Of course you want to win every game, but realistically, a baseball team enters a three-game series, particularly one against the team with the best record in the league, hoping to take two of three. Looking at this week’s series in Toronto, the Yankees had to assume last night’s game against Roy Halladay would be the loss, so really everything’s going according to plan, right?
Tonight, Andy Pettitte looks to keep the Yankees on track against Scott Richmond. Richmond is a 29-year-old rookie who went undrafted after graduating from Oklahoma State. He then posted a 14-19 record with a 4.37 ERA over three seasons with the Edmonton Cracker-Cats of the independent Northern League, during which the Vancouver native also pitched for Canada in the inagural World Baseball Classic, though again without particularly encouraging results. The Blue Jays signed Richmond after he made the move to the Cracker-Cats’ rotation in 2007. He split most of 2008 between Double- and Triple-A, going 6-11 witha 4.45 ERA, but also made five spot starts for the major league club. The first four of those starts were nearly identical (between five and 5 2/3 innings, three runs, no more than one walk and either four or five strikeouts in each), but left him 0-3. His last saw him shutout the Orioles in a rain-shortened six-inning ballgame on September 26.
Richmond didn’t get into a game before Canada was eliminated from this year’s WBC, but opened the season as the Blue Jay’s fifth starter and has thus far gone 4-1 with a 3.29 ERA. In the middle four of his six starts, Richmond went 4-0 with a 2.o5 ERA, turning in a quality start each time out with an average of nearly 6 2/3 innings pitched. That streak was snapped his last time out, when he took his first loss after giving up five runs in the second inning against the A’s in Oakland. Still, Richmond recovered from that rocky frame to shut out the A’s the rest of the way, needing just 96 pitches to complete eight innings.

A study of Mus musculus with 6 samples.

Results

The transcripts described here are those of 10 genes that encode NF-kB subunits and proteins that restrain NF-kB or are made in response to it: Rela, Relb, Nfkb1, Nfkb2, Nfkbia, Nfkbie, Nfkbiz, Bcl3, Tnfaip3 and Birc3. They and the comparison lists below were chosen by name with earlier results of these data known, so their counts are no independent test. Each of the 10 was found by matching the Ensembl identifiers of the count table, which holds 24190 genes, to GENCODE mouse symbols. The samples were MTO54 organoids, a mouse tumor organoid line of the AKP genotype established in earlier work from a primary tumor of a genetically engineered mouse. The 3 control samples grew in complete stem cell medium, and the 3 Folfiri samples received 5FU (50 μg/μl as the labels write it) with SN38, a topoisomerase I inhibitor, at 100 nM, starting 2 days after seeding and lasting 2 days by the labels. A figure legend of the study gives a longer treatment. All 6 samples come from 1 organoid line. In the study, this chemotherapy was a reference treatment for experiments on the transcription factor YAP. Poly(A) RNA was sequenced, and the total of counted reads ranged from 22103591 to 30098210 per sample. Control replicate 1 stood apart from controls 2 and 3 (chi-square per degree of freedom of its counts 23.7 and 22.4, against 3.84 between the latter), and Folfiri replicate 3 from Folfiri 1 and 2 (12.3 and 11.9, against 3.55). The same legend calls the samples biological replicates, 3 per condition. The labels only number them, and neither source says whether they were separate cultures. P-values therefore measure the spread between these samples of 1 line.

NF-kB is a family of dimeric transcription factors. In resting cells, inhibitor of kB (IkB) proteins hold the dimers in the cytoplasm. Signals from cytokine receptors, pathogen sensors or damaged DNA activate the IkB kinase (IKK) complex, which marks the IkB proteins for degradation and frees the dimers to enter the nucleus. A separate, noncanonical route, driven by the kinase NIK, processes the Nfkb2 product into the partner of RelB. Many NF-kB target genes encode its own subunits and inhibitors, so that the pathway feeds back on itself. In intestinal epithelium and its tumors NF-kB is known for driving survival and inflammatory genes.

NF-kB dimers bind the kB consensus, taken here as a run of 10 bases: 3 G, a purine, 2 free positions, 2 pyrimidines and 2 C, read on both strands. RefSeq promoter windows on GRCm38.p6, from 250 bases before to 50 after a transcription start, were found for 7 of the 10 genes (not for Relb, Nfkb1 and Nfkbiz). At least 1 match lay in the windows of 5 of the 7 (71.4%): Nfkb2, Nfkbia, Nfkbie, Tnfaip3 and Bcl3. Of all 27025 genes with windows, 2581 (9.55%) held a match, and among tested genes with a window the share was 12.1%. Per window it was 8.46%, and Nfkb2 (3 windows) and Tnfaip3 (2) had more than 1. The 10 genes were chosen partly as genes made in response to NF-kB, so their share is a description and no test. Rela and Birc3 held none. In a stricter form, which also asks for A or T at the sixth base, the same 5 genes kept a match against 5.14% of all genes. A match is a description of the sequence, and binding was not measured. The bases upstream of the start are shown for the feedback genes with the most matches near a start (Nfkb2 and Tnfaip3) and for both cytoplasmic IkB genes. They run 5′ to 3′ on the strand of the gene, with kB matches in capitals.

Richmond has been hit-lucky thus far as his opponents’ average on balls in play is just .245, and he’s always had good, but not spectacular control. The result has been a solid 1.2 WHIP. A fly-ball pitcher, he’s given up five home runs, a rate of 1.2 every nine innings, but three have been solo shots and the other two came with just one man on base. Richmond is also death on right-handed hitters (.155/.183/.182 in his young major league career), but can struggle against lefties.
Unfortunately, Hideki Matsui is out today after tweaking his hamstring in last night’s game. Derek Jeter (oblique) is also out for the second-straight day. Pete Abe reports that Jeter hasn’t swung a bat since Sunday, but “hopes to play tomorrow,” which is what he said yesterday. Ramiro Peña and Brett Gardner once again benefit from these aches and pains per this lineup:
L – Johnny Damon (DH)
S – Nick Swisher (RF)
S – Mark Teixeira (1B)
R – Alex Rodriguez (3B)
L – Robinson Cano (2B)
S – Melky Cabrera (LF)
L – Brett Gardner (CF)
S – Ramiro Peña (SS)
S – Francisco Cervelli (C)
If there’s any upside there it’s that only Alex Rodriguez will hit right-handed against Richmond.
As for Pettitte, his last two starts have been shaky. Against the Angels on May 1, he walked four and gave up five runs in 5 2/3 innings, though the Yankees rallied to win that game 10-9. In his last start, last Thursday against the Rays, he gave up five runs in six innings courtesy of four Tampa homers. The Yankees also rallied to tie that game, but lost on two more home runs off Mariano Rivera. On the season as a whole, however, Pettitte looks like Pettitte: 4.38 ERA, 1.36 WHIP, 6 1/2 innings per start.